Elizabeth Barrett Browning was the daughter of Mary Graham Clarke and Edward Moulton Barrett, a very wealthy landowner who owned sugar 1)plantations in Jamaica. Her mother died when Elizabeth was just 22, after having given birth to 12 children. Although Elizabeth, the eldest, was probably her father's favorite child, she struggled under his 2)tyrannical parenting. Incredibly controlling, Mr. Barrett insisted that none of his children marry, 3)baffling even the family's closest friends.
To add to her difficulties, from the time she was a teenager, Elizabeth suffered from a mysterious illness that caused her to be 4)frail and weak, unable to leave her house. In fact, she rarely left her room, and believed that she was destined to forever remain a sickly 5)shut-in and 6)spinster. When Robert Browning first began to 7)court Barrett—through their 8)correspondence— she seemed to enjoy the relationship, but was unwilling to believe that he could really be interested in her.
Robert Browning, the son of Robert and Sarah Anna Browning, was a direct and 9)ardent suitor. But despite his obvious 10)affection and the 11)mutual admiration displayed in their letters, Elizabeth refused to see him until the spring—months after their first contact—as the cold weather of the winter made her health poor. The couple's first meeting occurred in May 1845, after five months of regular correspondence. It is believed that Browning wrote to Barrett immediately afterward to declare his affection, but this letter has not survived. Elizabeth, sickly and so long in 12)isolation, found it difficult to trust his intentions. Despite the obstacles, Browning's visits continued, though always when Elizabeth's father was not at home.
In the summer of 1845, Barrett's doctor recommended that she travel to Pisa, in Italy, for the winter because he felt sure that she would not survive another harsh season in London. Her father, for unknown reasons, refused to allow the trip. After writing to Browning about her 13)predicament, he wrote back, saying, “I would marry you now.” Instead of 14)dismissing him as she had done before, she embraced his 15)sentiments. They continued to see each other regularly, and, thanks to an unseasonably warm winter, Barrett's health began to improve. In January 1846, Elizabeth took a major step toward recovery by leaving the room where she had spent the last six years of her life.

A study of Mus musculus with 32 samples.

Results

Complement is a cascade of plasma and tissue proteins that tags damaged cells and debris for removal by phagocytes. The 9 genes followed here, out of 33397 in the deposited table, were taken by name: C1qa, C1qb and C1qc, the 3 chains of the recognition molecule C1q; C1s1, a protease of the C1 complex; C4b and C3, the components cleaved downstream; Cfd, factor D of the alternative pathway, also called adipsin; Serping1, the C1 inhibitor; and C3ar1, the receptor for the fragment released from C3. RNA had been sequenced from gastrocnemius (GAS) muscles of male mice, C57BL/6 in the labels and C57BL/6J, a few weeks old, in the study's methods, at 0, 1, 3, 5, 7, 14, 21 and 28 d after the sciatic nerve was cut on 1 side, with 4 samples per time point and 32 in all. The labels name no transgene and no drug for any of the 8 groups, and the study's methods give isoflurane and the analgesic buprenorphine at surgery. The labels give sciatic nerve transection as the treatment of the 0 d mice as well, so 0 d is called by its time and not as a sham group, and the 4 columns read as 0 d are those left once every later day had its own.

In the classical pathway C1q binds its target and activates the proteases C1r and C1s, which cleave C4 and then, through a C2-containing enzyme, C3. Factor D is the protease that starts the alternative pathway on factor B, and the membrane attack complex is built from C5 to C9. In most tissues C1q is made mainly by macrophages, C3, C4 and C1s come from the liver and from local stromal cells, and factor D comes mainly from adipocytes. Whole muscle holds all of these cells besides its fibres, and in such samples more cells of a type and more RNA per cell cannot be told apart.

By May 1846, Barrett began to walk outside and, in her letters, 16)credited Browning for having a large part in her recovery. By summer, she was living a much more active life. On September 12th, Barrett and Browning were married. The wedding was held in secret. Although she was then 40 years old, Barrett lived in fear of her father's wrath if he found out that she was disobeying his order not to marry. When her 17)deception was revealed, she was 18)disinherited by her father.
Just a week after their marriage, the Brownings left London for Italy, where they would spend the next 15 years of their lives. Barrett Browning's Sonnets from the Portuguese (1850) was written during their courtship and early marriage and is about her dramatic romance with Browning, and how he helped her save herself from a life of sickness and isolation.
In Italy, both poets would enjoy many productive years of writing, as well as the birth of their son, Robert Wiedemann Barrett Browning, in 1849. She completed a second edition of Poems, as well as Casa Guidi Windows (1851), Poems before Congress (1860), and her well known 19)verse-novel, Aurora Leigh (1856). He published Men and Women (1855), which was 20)dedicated to his wife and is considered to contain his best poetry. They remained in Italy for 15 years, until Elizabeth died in her husband's arms on June 29th, 1861.
Nowadays, Casa Guidi, the Brownings' home in Florence, Italy, has been preserved and is open to visitors.